Very English Tea celebrates Rabbi Deborah Silver’s New Orleans tenure

England meets New Orleans as Shir Chadash in Metairie says farewell to Rabbi Deborah Silver.

For the last six years, Silver has led the New Orleans area’s only Conservative congregation. “A Very English Tea with a New Orleans Flavor” will be held on June 12 at 3 p.m. at the Windsor Court Hotel, paying homage to Silver’s English roots. The event is the day after her final Shabbat leading the congregation.

Silver will return to Los Angeles, where she was ordained by the Ziegler School at the American Jewish University in 2010. There is a family pull, as she has “35 and counting family members” living in that area.

Silver initially worked in theater and publishing, including a post as the senior English editor of the “Oxford English-Hebrew Dictionary of Current Usage.” She then qualified as an attorney, working as a litigator at Mishon de Reya, and as an associate professor at BPP Law School, London, before the pull of the rabbinate proved irresistible. She holds a Master’s degree in Hebrew Studies from Cambridge, England, and an MA in Theory and Practice of Literary Translation from the University of Essex, England.  She co-edited three volumes of the Ziegler Adult Learning “Walking With…” series with the school’s dean, and she won the Whizin Prize for Jewish Ethics in 2009.

She was Shir Chadash’s first female rabbi, as well as the first lawyer, lexicographer and yoga teacher to serve in that role.

In addition to providing spiritual support and intellectual engagement in Jewish texts, she has served as the president of the Jewish Clergy Council of New Orleans and on the board of the Jewish Family Service of Greater New Orleans.

Silver said she learned three important things while in New Orleans. First is the importance of being flexible as a rabbi. “You have to hold everything gently because it could all blow away,” she said, giving credit to the entire Shir Chadash staff for “being able to pivot and to create community under the most difficult circumstances.” That included a Rosh Hashanah during the pandemic when the rabbi, Torah reader and shofar blower were in diaspora across the country, each in different towns.

Second, she found New Orleans to be unique. “I am so struck and moved by the wide variety of people who wish to join the Jewish people here. Of the new Jews I’ve welcomed, the youngest was 2, and the oldest 85. I hope that these connections helped people to be less isolated.”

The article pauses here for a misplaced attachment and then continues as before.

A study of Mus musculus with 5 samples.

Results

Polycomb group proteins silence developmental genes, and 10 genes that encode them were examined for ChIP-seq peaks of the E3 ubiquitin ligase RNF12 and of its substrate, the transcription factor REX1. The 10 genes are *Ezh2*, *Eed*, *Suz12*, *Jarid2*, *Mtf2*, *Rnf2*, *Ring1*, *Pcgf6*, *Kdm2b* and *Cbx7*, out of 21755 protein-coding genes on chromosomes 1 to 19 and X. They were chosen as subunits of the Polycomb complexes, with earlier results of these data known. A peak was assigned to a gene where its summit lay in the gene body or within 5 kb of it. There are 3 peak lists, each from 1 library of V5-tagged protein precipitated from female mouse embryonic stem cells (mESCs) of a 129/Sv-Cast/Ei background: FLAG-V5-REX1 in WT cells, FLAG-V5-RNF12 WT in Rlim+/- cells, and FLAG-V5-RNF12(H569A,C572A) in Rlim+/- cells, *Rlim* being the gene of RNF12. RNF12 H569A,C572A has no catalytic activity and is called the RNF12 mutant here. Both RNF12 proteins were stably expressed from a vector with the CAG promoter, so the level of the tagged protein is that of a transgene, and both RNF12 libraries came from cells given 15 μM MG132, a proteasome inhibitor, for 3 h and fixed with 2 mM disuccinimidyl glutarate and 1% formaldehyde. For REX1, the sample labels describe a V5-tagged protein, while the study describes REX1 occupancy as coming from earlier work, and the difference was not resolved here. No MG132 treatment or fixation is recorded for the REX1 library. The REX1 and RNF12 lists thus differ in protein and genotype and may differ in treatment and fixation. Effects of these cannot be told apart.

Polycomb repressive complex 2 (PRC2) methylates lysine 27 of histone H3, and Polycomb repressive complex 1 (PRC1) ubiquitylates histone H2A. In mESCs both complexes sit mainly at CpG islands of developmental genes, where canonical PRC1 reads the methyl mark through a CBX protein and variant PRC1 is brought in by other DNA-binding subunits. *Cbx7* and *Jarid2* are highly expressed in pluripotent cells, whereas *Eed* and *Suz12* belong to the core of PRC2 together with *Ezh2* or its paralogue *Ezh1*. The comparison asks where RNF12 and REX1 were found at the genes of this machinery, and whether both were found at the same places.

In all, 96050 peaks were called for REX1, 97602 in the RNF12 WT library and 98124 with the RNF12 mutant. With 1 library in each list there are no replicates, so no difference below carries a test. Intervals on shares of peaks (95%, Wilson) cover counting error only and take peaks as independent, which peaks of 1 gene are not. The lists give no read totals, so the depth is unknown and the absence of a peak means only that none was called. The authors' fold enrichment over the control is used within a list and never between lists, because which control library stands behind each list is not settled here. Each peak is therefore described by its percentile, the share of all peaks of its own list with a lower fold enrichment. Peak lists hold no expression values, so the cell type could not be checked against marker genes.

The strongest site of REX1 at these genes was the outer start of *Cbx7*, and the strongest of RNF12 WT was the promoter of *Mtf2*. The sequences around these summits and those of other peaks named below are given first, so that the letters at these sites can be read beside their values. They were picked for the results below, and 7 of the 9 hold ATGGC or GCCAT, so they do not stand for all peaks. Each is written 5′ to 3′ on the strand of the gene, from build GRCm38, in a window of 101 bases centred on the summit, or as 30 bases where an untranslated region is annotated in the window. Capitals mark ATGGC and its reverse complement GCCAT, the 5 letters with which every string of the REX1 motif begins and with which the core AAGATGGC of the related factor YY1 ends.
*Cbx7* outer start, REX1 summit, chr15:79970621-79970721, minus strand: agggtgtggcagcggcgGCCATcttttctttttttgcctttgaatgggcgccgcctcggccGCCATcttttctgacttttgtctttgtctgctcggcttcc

She is also “particularly proud that three of these new Jews lived in Lafayette and that two are still there — we are always so glad when they visit.”

Third, she found New Orleans to be a good place to ask “what nourishes our Judaism?” and continue to discover new opportunities. “I hope people come away from encounters with me in a way that helps them to take ownership of their Judaism in the knowledge that questions are always welcome, to develop a durable relationship with our sacred texts and to take possession of them, and to deeply understand that Torah continually speaks to all of us,” she said.

After a sabbatical of a few months, Silver will seek a position that plays to her penchant for teaching. Of particular interest to her is serving unmet needs of Jewish adults over the age of 55.

She observes that every rabbinic leader follows role models. “I’m an Aaron,” she asserts, “and his mission statement as expressed by Hillel always inspires me: to seek peace and pursue it, love humanity, and bring people closer to Torah. Somehow I always come back to that.”

As she seeks to leave Shir Chadash on a solid spiritual and financial footing, the tea is also a fundraising event, with patron levels from $180 to $10,000 and above. A limited number of tickets is available for $54 for adults, $36 for an adult congregant under 36. Raffle items include jewelry from Debbie and Effie Rothchild, jewelry from Dashka Roth, and a silver umbrella handle from M.S. Rau’s Antiques.

Silver will be succeeded by Rabbi Scott Hoffman, who was the rabbi of Chevra Thilim in New Orleans from 1991 to 1993. Chevra Thilim merged with Tikvat Shalom to become Shir Chadash in 1999.